Humor: The 18th Ig Nobel Prizes awarded

image Ig Nobel small It’s early October again and for some that means the highlight of the scientific calendar have just happened and for others that some at Harvard have again celebrated the silliest science around the globe.

What we are talking about are the 18th Annual Ig Nobel Prize Awards that took place this Thursday at Sanders Theater, Harvard University and informal lectures by the prize winners this afternoon at the MIT Building.

The annual prizes are awarded for “research that first makes people laugh, and then make them think

“…The 18th First Annual Ig Nobel Prize Ceremony announced and introduced the ten new Ig Nobel Prize winners. The winners traveled to the ceremony, at their own expense, from several continents. The Prizes were handed to them by a group of genuine, genuinely bemused Nobel Laureates, all before a standing-room only audience of 1200 people…”

This year’s winners are (see links below for references at the AIR web site):

  • NUTRITION PRIZE. Massimiliano Zampini of the University of Trento, Italy and Charles Spence of Oxford University, UK, for electronically modifying the sound of a potato chip to make the person chewing the chip believe it to be crisper and fresher than it really is.
  • PEACE PRIZE. The Swiss Federal Ethics Committee on Non-Human Biotechnology (ECNH) and the citizens of Switzerland for adopting the legal principle that plants have dignity.
  • ARCHAEOLOGY PRIZE. Astolfo G. Mello Araujo and José Carlos Marcelino of Universidade de São Paulo, Brazil, for measuring how the course of history, or at least the contents of an archaeological dig site, can be scrambled by the actions of a live armadillo.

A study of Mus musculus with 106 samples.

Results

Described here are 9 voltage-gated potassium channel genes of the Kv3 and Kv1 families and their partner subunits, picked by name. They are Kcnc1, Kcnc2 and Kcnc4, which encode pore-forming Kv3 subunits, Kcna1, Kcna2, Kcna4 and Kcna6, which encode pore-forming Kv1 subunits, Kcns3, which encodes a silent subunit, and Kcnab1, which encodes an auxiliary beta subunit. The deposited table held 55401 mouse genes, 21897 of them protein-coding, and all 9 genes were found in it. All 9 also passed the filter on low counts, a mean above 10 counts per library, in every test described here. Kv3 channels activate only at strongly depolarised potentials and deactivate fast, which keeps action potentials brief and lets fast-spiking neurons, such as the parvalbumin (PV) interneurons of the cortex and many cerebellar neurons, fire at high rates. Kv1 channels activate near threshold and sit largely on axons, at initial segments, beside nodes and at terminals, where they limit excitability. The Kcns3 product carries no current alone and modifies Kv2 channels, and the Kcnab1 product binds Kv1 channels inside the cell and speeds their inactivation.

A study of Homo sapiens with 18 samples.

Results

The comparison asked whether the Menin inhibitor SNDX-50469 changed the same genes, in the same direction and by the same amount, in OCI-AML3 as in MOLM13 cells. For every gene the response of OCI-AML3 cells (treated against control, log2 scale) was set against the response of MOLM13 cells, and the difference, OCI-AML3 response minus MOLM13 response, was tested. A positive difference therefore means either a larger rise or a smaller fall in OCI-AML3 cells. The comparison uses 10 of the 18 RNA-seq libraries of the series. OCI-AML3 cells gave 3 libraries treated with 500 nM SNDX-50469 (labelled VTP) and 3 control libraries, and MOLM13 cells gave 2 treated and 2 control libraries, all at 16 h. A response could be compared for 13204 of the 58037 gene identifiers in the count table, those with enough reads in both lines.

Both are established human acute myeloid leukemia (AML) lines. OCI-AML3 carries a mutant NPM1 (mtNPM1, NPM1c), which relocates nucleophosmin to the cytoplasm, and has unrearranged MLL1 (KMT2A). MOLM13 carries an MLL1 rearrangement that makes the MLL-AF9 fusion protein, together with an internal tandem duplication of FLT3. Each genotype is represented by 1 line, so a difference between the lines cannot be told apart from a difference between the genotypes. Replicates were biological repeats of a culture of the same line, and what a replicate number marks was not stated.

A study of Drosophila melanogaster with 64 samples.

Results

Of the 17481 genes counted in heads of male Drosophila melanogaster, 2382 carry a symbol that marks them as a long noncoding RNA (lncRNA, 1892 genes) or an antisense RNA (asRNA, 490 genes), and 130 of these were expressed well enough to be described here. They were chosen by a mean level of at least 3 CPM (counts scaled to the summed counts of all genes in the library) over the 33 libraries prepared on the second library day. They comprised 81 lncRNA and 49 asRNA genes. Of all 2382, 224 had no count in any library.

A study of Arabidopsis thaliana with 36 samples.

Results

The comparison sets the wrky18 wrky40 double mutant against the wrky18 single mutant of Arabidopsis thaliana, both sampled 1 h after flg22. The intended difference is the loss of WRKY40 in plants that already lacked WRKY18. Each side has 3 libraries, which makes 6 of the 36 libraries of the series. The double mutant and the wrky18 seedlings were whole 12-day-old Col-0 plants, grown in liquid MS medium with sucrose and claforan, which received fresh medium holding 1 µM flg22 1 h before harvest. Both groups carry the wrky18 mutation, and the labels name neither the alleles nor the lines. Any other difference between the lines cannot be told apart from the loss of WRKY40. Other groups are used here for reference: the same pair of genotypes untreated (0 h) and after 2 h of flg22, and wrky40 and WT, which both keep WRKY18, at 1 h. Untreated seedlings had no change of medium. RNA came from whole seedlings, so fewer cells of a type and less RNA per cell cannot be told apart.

• BIOLOGY PRIZE. Marie-Christine Cadiergues, Christel Joubert,, and Michel Franc of Ecole Nationale Veterinaire de Toulouse, France for discovering that the fleas that live on a dog can jump higher than the fleas that live on a cat.
  • MEDICINE PRIZE. Dan Ariely of Duke University, USA, for demonstrating that high-priced fake medicine is more effective than low-priced fake medicine.
  • COGNITIVE SCIENCE PRIZE. Toshiyuki Nakagaki of Hokkaido University, Japan, Hiroyasu Yamada of Nagoya, Japan, Ryo Kobayashi of Hiroshima University, Atsushi Tero of Presto JST, Akio Ishiguro of Tohoku University, and Ágotá Tóth of the University of Szeged, Hungary, for discovering that slime molds can solve puzzles.
  • ECONOMICS PRIZE. Geoffrey Miller, Joshua Tybur and Brent Jordan of the University of New Mexico, USA, for discovering that a professional lap dancer’s ovulatory cycle affects her tip earnings.
  • PHYSICS PRIZE. Dorian Raymer of the Ocean Observatories Initiative at Scripps Institution of Oceanography, USA, and Douglas Smith of the University of California, San Diego, USA, for proving mathematically that heaps of string or hair or almost anything else will inevitably tangle themselves up in knots.
  • CHEMISTRY PRIZE. Sharee A. Umpierre of the University of Puerto Rico, Joseph A. Hill of The Fertility Centers of New England (USA), Deborah J. Anderson of Boston University School of Medicine and Harvard Medical School (USA), for discovering that Coca-Cola is an effective spermicide, and to Chuang-Ye Hong of Taipei Medical University (Taiwan), C.C. Shieh, P. Wu, and B.N. Chiang (all of Taiwan) for discovering that it is not.
  • LITERATURE PRIZE. David Sims of Cass Business School. London, UK, for his lovingly written study “You Bastard: A Narrative Exploration of the Experience of Indignation within Organizations.”

Congratulations to all winners and we hope you had lots of fun at this years ceremonies

More information:
Annals of Improbable Research (AIR)
Nature Magazine’s Dairy of the Ig Nobel award ceremony
AIR’s winner pages (great picture of the acceptance speech of one of the winners)

Have a look at the AIG ceremony web cast / video of the ceremony (multiple translations into various languages plus body language are available simultaneously) to recognize all the various delegations honoring the prize winners.